Retinal ganglion cells (RGCs) play an essential role in transmitting visual information from the eye to the visual thalamus in the brain. They are also the primary cell type affected in traumatic retinal injuries as well as optic neuropathies. Human pluripotent stem cells (hPSCs) provide an attractive source of cells that can be used for patient-specific cell replacement therapies, drug screening, and disease modeling. However, little is known about the functional maturation of these hPSC-derived RGCS. As such, the development of these neurons was studied over time, and methods in which to influence their maturation and functionality were tested.
hPSCs were differentiated toward a retinal lineage in a stepwise fashion as previously described, yielding highly enriched populations of optic vesicle-like neurospheres. Within 40 days of differentiation, presumptive RGCs were identified and further characterized based upon morphology and expression of RGC-associated factors. These RGCs were grown in culture for prolonged periods of time, and the emergence of specific RGC subtypes was examined. Additionally, RGC maturation was explored by immunocytochemistry and electrophysiology, including the formation of presumptive synaptic connections. Candidate factors were added to RGCs to aid in the synaptic maturation of these cells, with analyses performed by microscopy and electrophysiology.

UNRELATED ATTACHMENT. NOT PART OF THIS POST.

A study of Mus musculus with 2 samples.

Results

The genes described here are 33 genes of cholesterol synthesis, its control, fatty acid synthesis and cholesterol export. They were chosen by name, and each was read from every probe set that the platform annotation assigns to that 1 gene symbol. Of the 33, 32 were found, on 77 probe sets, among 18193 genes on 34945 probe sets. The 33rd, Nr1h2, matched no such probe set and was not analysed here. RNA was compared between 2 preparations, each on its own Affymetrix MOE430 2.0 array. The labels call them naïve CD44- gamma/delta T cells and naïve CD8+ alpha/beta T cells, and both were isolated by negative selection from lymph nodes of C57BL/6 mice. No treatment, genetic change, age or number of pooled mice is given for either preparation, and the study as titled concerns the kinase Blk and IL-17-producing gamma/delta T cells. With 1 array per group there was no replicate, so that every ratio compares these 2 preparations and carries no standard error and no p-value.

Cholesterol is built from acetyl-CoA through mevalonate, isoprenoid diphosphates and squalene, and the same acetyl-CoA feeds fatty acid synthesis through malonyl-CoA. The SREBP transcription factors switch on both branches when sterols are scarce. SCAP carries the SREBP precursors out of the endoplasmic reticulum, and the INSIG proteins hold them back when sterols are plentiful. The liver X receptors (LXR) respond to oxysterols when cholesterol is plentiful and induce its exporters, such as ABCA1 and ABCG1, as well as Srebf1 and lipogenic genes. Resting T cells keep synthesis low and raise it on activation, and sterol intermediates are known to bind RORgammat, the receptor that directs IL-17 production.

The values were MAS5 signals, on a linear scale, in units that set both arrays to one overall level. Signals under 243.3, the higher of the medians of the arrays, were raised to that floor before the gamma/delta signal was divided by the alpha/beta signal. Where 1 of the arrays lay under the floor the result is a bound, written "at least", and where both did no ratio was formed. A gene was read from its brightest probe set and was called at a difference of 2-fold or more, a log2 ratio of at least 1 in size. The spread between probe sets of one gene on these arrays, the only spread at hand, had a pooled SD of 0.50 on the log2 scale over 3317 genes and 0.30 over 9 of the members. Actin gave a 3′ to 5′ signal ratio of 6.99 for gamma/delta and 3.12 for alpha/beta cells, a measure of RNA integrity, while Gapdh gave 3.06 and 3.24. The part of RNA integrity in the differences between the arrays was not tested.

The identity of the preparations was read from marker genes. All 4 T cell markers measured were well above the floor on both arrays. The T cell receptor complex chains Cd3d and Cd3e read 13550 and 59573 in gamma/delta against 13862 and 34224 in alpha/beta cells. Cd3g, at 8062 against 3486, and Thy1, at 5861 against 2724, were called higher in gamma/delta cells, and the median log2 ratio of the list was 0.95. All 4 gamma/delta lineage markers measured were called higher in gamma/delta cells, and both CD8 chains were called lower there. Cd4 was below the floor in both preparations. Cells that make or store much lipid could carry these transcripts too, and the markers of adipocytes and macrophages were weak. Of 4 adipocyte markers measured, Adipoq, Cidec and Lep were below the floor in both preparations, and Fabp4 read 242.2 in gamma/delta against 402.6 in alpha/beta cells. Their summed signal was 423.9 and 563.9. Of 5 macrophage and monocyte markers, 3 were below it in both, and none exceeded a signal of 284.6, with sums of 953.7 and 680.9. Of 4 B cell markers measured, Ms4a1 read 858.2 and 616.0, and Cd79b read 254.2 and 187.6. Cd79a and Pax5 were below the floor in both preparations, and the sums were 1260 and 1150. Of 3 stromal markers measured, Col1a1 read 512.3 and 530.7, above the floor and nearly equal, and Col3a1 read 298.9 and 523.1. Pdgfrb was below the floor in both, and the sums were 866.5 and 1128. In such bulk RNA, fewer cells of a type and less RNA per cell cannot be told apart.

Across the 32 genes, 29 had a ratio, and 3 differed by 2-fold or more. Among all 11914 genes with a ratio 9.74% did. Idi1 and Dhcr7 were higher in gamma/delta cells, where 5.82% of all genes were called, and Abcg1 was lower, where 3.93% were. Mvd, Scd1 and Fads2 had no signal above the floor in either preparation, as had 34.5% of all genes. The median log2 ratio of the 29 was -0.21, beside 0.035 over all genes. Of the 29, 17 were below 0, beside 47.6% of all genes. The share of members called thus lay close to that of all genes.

Presumptive RGCs differentiated in a temporally-appropriate manner and expressed an array of RGC-associated features. Moreover, subtypes of RGCs were identifiable over time in prolonged cultures, including melanopsin-expressing ipRGCs. The maturation of hPSC-derived RGCs was analyzed by neurite outgrowth and the development of synaptic-like structures in prolonged cultures. Furthermore, the development of hPSC-derived RGCs was influenced by the addition of critical factors capable of enhancing RGC differentiation and maturation.
The data presented demonstrates the ability to derive RGCs from hPSCs though a stepwise differentiation protocol, including multiple RGC subtypes. Moreover, the functional maturation of these cells was observed in prolonged cultures and found to increase under the influence of candidate factors. These results will facilitate the use of hPSC-derived RGCs to study optic neuropathies, the development of drug therapeutics and for cell replacement therapies.
This is an abstract that was submitted for the 2016 ARVO Annual Meeting, held in Seattle, Wash., May 1-5, 2016.